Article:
Some of the Democrats running for the White House have given their support for reparations to descendants of slaves.
But the last time reparations surfaced in a major Democratic race in South Carolina, it didn't go well for the candidate who proposed it.
The year was 1994. Charleston Mayor Joe Riley and Lt. Gov. Nick Theodore, a Greenville native, were battling for the Democratic nomination for governor.
The location was a debate in Rock Hill. A phone-caller asked their views on reparations for those "who may have lost something during slavery times."
"It's a critical issue, and I think that as we look at areas especially along the coast in Beaufort County, and along those lines, there must be some reparations made," Theodore said, according to a Greenville News account from the time.
"There are some land problems that could very well be dealt with if given the proper attention through the executive branch of state government," he said.
Riley didn't go in that direction. More than reparations, he called for a colorblind state government that fosters opportunity.
Theodore would later walk back his words. He called the Rock Hill event "a confused debate."
"The bottom line of my position is that I do not support reparation, but I do support the clarification of people's ownership of property whether it's been illegally or improperly seized or if it's just in a confused state of ownership at the present time," he said.
Republicans pounced. Then-S.C. GOP Party Chairman Henry McMaster gave Theodore his "Democrat Pandering Award" for appealing to black voters.
The issue quickly died out, never getting serious traction again on the campaign trail or in the Statehouse.
But 2020 is different. The Democrats most vocal about reparations have suggested tax credits and other methods of support — a shift away from previous discussions that have centered around payments of some sort.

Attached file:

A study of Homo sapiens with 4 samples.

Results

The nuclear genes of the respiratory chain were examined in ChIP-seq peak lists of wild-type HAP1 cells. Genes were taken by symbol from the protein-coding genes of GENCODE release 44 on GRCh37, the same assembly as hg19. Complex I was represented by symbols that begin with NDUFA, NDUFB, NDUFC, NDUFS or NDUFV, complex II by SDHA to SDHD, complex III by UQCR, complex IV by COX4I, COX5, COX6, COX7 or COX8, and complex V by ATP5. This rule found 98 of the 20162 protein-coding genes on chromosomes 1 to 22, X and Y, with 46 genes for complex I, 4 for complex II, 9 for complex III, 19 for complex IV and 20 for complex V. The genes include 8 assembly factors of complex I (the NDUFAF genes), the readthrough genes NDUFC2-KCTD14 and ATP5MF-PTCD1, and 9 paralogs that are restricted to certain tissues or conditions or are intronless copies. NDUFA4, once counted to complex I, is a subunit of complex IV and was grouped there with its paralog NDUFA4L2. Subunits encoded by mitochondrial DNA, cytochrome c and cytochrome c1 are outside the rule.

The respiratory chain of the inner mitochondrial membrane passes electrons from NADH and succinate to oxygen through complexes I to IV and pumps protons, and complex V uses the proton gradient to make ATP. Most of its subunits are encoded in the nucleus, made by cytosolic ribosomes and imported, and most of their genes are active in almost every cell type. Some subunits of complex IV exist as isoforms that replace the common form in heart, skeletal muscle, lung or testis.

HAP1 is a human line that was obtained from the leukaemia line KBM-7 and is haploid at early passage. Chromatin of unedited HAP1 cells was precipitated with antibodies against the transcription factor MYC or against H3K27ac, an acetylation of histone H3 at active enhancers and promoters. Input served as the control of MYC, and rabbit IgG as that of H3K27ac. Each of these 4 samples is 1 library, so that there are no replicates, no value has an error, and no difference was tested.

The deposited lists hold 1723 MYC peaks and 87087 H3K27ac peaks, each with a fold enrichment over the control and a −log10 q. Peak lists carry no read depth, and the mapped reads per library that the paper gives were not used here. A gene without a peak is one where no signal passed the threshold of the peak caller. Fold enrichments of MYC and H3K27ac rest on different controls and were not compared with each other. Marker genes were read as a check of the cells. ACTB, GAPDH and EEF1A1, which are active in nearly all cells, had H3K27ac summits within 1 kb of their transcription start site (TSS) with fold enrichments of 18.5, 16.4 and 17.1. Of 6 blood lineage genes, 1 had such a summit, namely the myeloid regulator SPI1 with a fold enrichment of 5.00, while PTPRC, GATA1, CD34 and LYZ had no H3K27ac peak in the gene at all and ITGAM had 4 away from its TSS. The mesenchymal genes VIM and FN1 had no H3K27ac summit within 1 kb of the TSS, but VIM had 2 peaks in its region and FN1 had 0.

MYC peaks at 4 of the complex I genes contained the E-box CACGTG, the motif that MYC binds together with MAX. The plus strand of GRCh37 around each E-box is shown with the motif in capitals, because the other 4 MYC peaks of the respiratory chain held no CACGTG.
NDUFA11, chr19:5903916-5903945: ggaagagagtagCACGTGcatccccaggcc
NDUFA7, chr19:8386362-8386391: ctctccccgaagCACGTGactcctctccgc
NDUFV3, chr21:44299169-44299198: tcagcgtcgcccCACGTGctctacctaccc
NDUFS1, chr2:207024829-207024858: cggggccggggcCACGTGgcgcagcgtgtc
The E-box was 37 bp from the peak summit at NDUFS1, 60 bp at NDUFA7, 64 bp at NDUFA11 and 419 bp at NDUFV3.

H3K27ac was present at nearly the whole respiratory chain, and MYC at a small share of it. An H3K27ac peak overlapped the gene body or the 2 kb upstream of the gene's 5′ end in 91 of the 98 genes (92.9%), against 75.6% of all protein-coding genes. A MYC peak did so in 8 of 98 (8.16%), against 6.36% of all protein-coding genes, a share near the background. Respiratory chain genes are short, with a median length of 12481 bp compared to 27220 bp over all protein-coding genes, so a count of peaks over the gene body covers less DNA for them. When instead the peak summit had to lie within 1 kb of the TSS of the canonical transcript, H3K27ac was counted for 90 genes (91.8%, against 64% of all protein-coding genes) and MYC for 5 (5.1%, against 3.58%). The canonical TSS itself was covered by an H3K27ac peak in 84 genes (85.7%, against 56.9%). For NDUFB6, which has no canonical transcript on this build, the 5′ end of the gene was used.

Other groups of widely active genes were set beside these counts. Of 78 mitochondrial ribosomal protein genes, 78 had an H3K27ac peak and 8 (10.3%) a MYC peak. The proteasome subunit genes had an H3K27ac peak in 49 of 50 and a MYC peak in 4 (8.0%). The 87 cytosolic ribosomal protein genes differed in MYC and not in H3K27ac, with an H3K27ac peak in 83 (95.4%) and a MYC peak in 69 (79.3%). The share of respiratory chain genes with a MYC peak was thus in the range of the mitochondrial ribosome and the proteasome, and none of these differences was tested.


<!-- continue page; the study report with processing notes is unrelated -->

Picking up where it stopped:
Among those who have spoken of reparations in recent days are Sen. Kamala Harris of California, former Housing and Urban Development Secretary Julián Castro and self-help guru Marianne Williamson. Sen. Elizabeth Warren of Massachusetts expanded the issue to include Native Americans as "part of the conversation."
New Jersey Sen. Corey Booker was asked by an audience member in Simpsonville on Friday how he would focus on improving the lives of African Americans, including possible reparations. He talked about how his proposal to federally legalize marijuana would include an “economic redistributive justice” component, Palmetto Politics' Jamie Lovegrove reports.
“I say if we have marijuana laws that are producing billions of dollars in tax money, we should be investing that tax money back into communities that were disproportionately targeted, damaged and hurt,” Booker said.
Going forward, the issue is sure to stir interest in South Carolina, with its huge African-American population, its legacy of Jim Crow and enslaved labor that affected the property, wealth and education of generations.
But could reparations ever rise above more kitchen-table issues? Some aren't ready to make that declaration.
Brenda Murphy, president of the South Carolina NAACP, listed health care access, criminal justice reform, education needs and economic sustainability where she saw as priorities.
"That's the way we move forward as a state," she said.
J.T. McLawhorn, president of the influential Columbia Urban League, didn't think the discussion should be limited to the Democrats' White House political season.
It's "much broader than a political party," he said. "All the parties ought to be talking about reparations."
Winthrop University political scientist Scott Huffmon, who runs the school's Winthrop Poll, said one reason why reparations may falter as a broad talking point is that many voters favor positions of racial healing — up to a point.
Reconciliation polls well, he said, including questions about removing a Confederate flag or moving statues and adding a new marker with more historical context.
"But actual reparations — no," he said.